Designing D2: What Lies Beneath, Part 2

DART is continuing to work through the design of a new Downtown Dallas subway. There’s lots to consider. In a previous post we looked at geology. In this post we’ll consider some of the man-made elements. 

  • Existing Structures 

DART considers existing structures when we evaluate the route for D2. By tunneling underground, DART will have to gain a thorough understanding of the foundations of buildings along the route whether it’s a large modern skyscraper or a historic building.  These large structures are similar to icebergs.  Many times a large portion of the building foundations are underground in order to support the weight and functionality of the larger structure we see above the surface.  Making sure that our underground tunneling efforts do not damage or disturb these building’s foundations will be another priority DART will consider as we assess D2’s future route.   

  • Utilities and Underground Obstacles 

Out of sight-out of mind. That’s how most of us probably feel about utilities and sources of power that flow to us every day. However, there is a buzzing infrastructure of pipes, wires and duct work, giving us the connections we need to connect us to the power we use in our daily lives. Competing for space underground are infrastructure for services like telecommunication, cable, natural gas, fiber optics, sewage system, and traffic light cables. D2 will have to make sure these elements are properly moved or relocated so that these services remain uninterrupted as construction of D2 begins.

How Does That Affect Where the Route Will Go?

Every route D2 could take has pros and cons. First, we have to consider the boundaries of where D2 can go as a Core Capacity Project. DART is competing for funding for D2 from the Federal Transit Administration (FTA)’s Core Capacity Program. While DART believes that D2 has a strong chance to win these funds, D2 must adhere to Core Capacity Program requirements, some of which require the project must:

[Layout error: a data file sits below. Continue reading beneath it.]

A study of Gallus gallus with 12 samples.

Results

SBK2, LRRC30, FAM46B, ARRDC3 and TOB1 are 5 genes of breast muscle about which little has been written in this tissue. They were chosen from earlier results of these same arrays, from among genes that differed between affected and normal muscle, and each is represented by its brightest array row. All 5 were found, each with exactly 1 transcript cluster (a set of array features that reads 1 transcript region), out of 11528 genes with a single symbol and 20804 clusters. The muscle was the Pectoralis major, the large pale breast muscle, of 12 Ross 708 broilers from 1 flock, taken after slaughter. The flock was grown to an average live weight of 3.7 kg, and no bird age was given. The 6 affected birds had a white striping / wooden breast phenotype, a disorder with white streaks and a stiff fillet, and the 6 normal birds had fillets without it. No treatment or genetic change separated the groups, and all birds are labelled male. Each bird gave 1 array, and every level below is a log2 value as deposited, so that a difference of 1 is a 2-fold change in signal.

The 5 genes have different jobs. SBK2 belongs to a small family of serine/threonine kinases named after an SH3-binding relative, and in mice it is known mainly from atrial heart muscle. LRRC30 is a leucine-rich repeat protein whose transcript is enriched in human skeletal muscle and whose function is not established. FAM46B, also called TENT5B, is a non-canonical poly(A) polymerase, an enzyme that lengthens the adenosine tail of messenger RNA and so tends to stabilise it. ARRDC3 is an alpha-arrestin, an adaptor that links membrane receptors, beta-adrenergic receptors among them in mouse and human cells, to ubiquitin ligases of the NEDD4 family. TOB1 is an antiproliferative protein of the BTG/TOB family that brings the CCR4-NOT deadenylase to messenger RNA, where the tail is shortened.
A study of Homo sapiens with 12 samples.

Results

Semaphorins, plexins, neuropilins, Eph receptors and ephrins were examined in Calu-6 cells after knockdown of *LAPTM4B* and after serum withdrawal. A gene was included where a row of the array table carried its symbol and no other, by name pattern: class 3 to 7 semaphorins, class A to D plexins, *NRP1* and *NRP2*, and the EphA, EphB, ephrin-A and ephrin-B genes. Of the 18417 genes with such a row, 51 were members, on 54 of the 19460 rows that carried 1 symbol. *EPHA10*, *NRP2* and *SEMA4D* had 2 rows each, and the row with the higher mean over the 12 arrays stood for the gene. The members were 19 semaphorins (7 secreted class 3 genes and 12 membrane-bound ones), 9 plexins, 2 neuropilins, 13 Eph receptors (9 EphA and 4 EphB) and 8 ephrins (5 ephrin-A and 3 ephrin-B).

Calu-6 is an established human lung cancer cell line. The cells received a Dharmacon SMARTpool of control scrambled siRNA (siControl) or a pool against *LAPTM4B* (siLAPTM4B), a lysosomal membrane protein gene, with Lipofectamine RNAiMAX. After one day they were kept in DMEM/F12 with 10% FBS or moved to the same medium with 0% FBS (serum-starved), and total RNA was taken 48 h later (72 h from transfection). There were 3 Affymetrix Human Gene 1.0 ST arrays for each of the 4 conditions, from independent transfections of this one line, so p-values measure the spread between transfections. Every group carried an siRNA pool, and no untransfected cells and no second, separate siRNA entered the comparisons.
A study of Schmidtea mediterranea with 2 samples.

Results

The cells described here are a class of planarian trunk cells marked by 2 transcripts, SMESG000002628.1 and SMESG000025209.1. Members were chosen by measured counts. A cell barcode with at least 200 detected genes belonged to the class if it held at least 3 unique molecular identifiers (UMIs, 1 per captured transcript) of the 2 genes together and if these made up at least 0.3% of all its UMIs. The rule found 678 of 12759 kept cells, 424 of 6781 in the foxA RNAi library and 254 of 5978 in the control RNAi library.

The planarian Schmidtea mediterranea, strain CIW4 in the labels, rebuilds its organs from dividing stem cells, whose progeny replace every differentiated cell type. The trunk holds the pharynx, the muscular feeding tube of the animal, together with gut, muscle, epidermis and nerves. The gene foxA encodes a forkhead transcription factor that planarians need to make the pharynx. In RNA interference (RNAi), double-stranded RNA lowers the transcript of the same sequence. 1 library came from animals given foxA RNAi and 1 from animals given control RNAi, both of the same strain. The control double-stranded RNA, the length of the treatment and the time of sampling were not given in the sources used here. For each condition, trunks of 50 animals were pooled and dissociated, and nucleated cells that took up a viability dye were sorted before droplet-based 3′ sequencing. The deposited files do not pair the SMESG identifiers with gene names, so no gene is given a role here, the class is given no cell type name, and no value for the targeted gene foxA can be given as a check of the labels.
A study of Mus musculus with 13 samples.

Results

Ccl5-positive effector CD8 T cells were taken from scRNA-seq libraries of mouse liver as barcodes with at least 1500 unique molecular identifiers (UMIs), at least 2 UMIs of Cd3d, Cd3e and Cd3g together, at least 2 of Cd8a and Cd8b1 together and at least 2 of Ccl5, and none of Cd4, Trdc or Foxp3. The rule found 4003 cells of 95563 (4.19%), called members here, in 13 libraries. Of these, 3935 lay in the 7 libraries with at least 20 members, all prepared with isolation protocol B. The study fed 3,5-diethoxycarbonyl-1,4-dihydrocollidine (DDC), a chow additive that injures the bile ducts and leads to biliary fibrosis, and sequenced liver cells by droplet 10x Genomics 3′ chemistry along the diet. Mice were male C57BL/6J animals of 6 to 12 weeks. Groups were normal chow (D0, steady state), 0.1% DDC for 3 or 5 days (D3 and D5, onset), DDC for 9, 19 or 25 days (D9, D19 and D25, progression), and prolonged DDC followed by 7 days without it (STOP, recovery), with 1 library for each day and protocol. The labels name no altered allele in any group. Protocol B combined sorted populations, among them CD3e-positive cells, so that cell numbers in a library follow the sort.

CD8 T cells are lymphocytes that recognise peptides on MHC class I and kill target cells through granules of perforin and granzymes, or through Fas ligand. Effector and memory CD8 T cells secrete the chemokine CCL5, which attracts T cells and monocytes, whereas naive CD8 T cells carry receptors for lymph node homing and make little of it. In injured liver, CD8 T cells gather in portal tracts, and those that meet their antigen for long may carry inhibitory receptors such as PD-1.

After taking these requirements into consideration, we then can determine some initial limitations for the location and extent that D2 will run through downtown Dallas.

DART has begun narrowing down the route to approximately six or seven options, moving onto refining and evaluating these potential designs. DART is assessing each option, determining feasibility and cost, based on the factors we discussed above like soil, existing structures and utilities and underground obstacles. Additional considerations include how well the options serve existing riders while meeting future growth needs.

Making sure we consider every option and gain input from others before settling on a route is critical. Information from stakeholders, agency staff, public officials, and the public combined with DART’s technical expertise, we know that we will find the best route for D2 that is the most feasible, affordable, and reasonable.

About DART Daily

Dallas Area Rapid Transit (DART) gets you around 13 cities with rail, bus, paratransit, and rideshare services. We serve DFW International Airport and Fort Worth via the Trinity Railway Express (TRE). The service area consists of 13 cities: Addison, Carrollton, Cockrell Hill, Dallas, Farmers Branch, Garland, Glenn Heights, Highland Park, Irving, Plano, Richardson, Rowlett and University Park.

  1. Wu Douglas says:

    When apply to Federal Transit Program Core Capacity Program must stress on SAFETY is the most priority!